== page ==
Amy Winehouse and breaking the Golden Rule

Maybe my mind is just less well ordered than most people’s, but for me some the moments of real intellectual breakthrough come when I find myself thinking something that surprises me, and so am forced to analyse that surprising thing to work out why I was thinking it. Whether the thing turns out to be right or wrong, or just complicated, I understand better my own instincts and assumptions as a result. One such happened last week, in an ETS panel session in Atlanta. One of the other panelists, David Gushee, closed an impressive impromptu peroration with an appeal to ‘the golden rule’ – ‘do unto others as you would have them do to you.’ I realised that I was thinking that this principle was wrong.

Doubting the golden rule, of course, is one of those ethical positions that you are really not supposed to entertain. If there is a universal ethic, it is this. And Jesus says it, identifying it with the core teaching of the Mosaic law: ‘Do to others what you want them to do to you. This is the meaning of the law of Moses and the teaching of the prophets.’ (Mt 7:12) So I thought a bit about why I was doubting it, or at least David’s application of it.

My analysis goes something like this: so stated, the ‘golden rule’ assumes a level of moral awareness that I am sure is not universal, and am not sure is at all common. If our instincts about what we would like others to do to us are bad instincts, the golden rule offers bad advice. More commonly, I suspect, our desires are extremely conflicted, and so the golden rule offers no meaningful guidance at all.

I rarely watch movies on planes, but I had watched one on the way to Atlanta. It was the recent biopic about Amy Winehouse, which intersperses clips of her – astonishing – musical performances with the story of her life spiralling out of control, finally to her tragic death. The film portrays her essentially as a victim, thrown into impossible contexts by decisions made by her partner, her manager, or her father. The sympathetic characters were female friends from childhood, who tried to help her. In the middle of a drugs binge they would come and try to encourage her to get clean, whereas her partner would be encouraging her to try something even stronger. Who was doing the thing she wanted to be done to her?

The answer is profoundly ambiguous: straightforwardly, she wanted to be high; no doubt there was a part of her that wanted to be clean. According to the portrayal in the film, what she actually needed – whether she ever wanted it or not – was to get out of the celebrity spotlight, because she was unable to cope with it and was using drugs to deal with that inability. ‘Do to others what you want them to do to you’ is not a straightforward piece of advice here… (This is, after all, the woman whose biggest hit was built around the lyric ‘They tried to make me go to rehab; I said no, no, no’…)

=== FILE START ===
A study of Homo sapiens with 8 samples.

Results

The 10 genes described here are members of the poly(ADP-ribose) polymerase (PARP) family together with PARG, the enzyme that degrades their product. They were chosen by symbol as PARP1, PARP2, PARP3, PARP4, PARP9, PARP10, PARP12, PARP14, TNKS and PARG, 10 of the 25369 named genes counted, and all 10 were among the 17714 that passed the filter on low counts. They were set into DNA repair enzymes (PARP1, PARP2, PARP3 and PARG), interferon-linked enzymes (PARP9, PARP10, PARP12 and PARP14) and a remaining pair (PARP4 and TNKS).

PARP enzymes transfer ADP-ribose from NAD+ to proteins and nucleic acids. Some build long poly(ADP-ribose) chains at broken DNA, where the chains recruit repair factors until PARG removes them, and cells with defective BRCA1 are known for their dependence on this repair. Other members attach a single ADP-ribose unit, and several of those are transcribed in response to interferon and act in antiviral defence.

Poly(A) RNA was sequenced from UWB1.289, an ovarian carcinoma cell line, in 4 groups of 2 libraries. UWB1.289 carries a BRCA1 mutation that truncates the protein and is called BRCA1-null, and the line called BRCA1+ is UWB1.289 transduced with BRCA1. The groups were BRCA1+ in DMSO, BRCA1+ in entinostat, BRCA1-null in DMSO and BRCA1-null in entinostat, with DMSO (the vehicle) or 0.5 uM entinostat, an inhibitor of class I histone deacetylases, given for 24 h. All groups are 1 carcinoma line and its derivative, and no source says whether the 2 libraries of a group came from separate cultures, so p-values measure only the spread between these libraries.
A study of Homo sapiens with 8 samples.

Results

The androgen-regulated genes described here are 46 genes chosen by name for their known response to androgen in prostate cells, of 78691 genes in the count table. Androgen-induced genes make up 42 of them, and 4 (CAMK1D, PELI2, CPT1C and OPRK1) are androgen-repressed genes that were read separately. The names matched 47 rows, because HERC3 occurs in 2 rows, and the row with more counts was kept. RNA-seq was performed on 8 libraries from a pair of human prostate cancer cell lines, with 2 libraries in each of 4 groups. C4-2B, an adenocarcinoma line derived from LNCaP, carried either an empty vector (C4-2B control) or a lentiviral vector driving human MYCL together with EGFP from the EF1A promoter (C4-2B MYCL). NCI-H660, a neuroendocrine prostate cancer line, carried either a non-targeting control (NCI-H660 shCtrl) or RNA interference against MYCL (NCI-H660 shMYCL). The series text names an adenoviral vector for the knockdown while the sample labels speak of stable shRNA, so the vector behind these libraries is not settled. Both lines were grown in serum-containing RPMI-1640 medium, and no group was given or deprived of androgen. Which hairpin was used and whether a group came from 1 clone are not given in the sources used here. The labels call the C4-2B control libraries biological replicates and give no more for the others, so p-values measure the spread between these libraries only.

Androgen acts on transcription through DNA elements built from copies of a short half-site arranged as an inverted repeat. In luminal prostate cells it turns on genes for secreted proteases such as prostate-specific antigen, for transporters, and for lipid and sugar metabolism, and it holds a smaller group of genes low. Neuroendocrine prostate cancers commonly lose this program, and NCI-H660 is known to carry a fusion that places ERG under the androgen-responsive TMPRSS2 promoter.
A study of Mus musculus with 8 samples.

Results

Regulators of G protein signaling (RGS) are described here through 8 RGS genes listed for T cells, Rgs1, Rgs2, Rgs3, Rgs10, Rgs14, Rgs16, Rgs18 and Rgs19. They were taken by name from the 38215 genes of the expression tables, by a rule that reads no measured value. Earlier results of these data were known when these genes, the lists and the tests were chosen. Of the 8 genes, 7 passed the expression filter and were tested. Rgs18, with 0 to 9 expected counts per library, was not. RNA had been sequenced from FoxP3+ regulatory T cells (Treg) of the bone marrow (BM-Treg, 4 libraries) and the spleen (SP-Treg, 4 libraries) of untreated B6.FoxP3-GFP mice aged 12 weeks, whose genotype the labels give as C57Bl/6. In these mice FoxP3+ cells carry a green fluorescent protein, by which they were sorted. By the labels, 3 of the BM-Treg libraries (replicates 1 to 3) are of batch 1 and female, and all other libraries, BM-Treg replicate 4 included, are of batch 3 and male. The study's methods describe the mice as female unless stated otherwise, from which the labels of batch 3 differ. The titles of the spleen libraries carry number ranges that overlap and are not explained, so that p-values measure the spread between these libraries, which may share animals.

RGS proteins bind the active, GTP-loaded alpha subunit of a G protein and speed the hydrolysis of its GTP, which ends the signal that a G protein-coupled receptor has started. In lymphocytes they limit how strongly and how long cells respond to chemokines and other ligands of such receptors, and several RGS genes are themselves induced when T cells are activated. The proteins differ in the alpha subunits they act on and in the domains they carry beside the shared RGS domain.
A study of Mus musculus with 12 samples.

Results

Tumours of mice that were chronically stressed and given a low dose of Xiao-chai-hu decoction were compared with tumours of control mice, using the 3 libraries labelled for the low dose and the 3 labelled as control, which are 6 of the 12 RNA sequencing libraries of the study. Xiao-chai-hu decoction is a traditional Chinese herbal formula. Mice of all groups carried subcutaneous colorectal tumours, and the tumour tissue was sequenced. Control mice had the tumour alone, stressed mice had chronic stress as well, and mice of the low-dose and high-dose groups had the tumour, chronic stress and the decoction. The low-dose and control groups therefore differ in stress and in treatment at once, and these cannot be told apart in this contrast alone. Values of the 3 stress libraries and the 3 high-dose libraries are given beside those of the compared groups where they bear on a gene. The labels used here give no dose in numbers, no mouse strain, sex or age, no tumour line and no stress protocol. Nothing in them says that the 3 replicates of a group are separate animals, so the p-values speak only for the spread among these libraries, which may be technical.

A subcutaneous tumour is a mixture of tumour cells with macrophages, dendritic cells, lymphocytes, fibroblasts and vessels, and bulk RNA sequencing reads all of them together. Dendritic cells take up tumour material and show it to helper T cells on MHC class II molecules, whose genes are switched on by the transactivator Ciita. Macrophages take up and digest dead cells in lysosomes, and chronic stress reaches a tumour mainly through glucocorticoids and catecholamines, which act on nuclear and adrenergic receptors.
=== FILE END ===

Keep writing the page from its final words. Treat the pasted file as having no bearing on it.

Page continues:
Now, it would be possible to suggest that, because of her relative youth and her addiction issues, Amy Winehouse was considerably less rational than is normal for human beings; I suspect, however, that this is false. I reflect on my own pastoral experience, and supremely on my own life: there are questions I desperately don’t want people to ask me, whilst at the same time I know that it would do me good to face those same questions. What do I want them to do to me? I don’t know, so I don’t know what I should do to others, if I am following the golden rule.

More, I remember moments of genuine intervention, such as when my fellow leaders at a previous church banned me from preaching for several months because they had decided I was neglecting family relationships too much in my desire to serve that fellowship. (We had been going through some tough times; I still don’t regret stepping up to do what I did, but in hindsight I accept that it was unsustainable, and I had reached, or gone someway past, the point where I needed to stop and pass the baton.) Did I want them to step into my life like that? No. Am I now grateful they did? Yes. Do I hope I would have the courage – and love – to do what they did to someone like me in future, despite her not wanting the intervention at all? Absolutely.

At that point, what I wanted my colleagues to do to me was – I can now see – basically destructive; this seems to me to be a common position for human beings to be in. The golden rule then fails, because of a defect in moral intuition on my part. My ‘wants’ are – routinely – sufficiently ill-directed that to impose them on others would be actively cruel.

Augustine writes somewhere that the law of the Christian life is ‘love God, and do what you like.’ The point being, of course, that if you truly love God, what you like to do will be the right thing. The advice is profoundly right, but dangerous, since most of us love God rather imperfectly, and so like to do at least some things that are expressions of hatred of God and ourselves.

When we have learnt to want as we should, the golden rule will teach us well how to act towards others; until we reach that point, listening hard to Moses and the prophets (and, now, apostles) remains an important, necessary, check on our wayward desires.

1 Comment

  1. Carolyn
    Nov 30, 2015

    I’ve been struck, recently, by a related reflection on Matt 22:34-40. There’s a temptation to view it as an excuse to bypass ‘the law and the prophets’, but actually it’s at least as much (almost certainly more) an affirmation of the continuing relevance of all of scripture. And of course a criteria for interpretation. (And then my head gets all dizzy at the circularity of it all and I have to watch an episode of Masterchef to recover).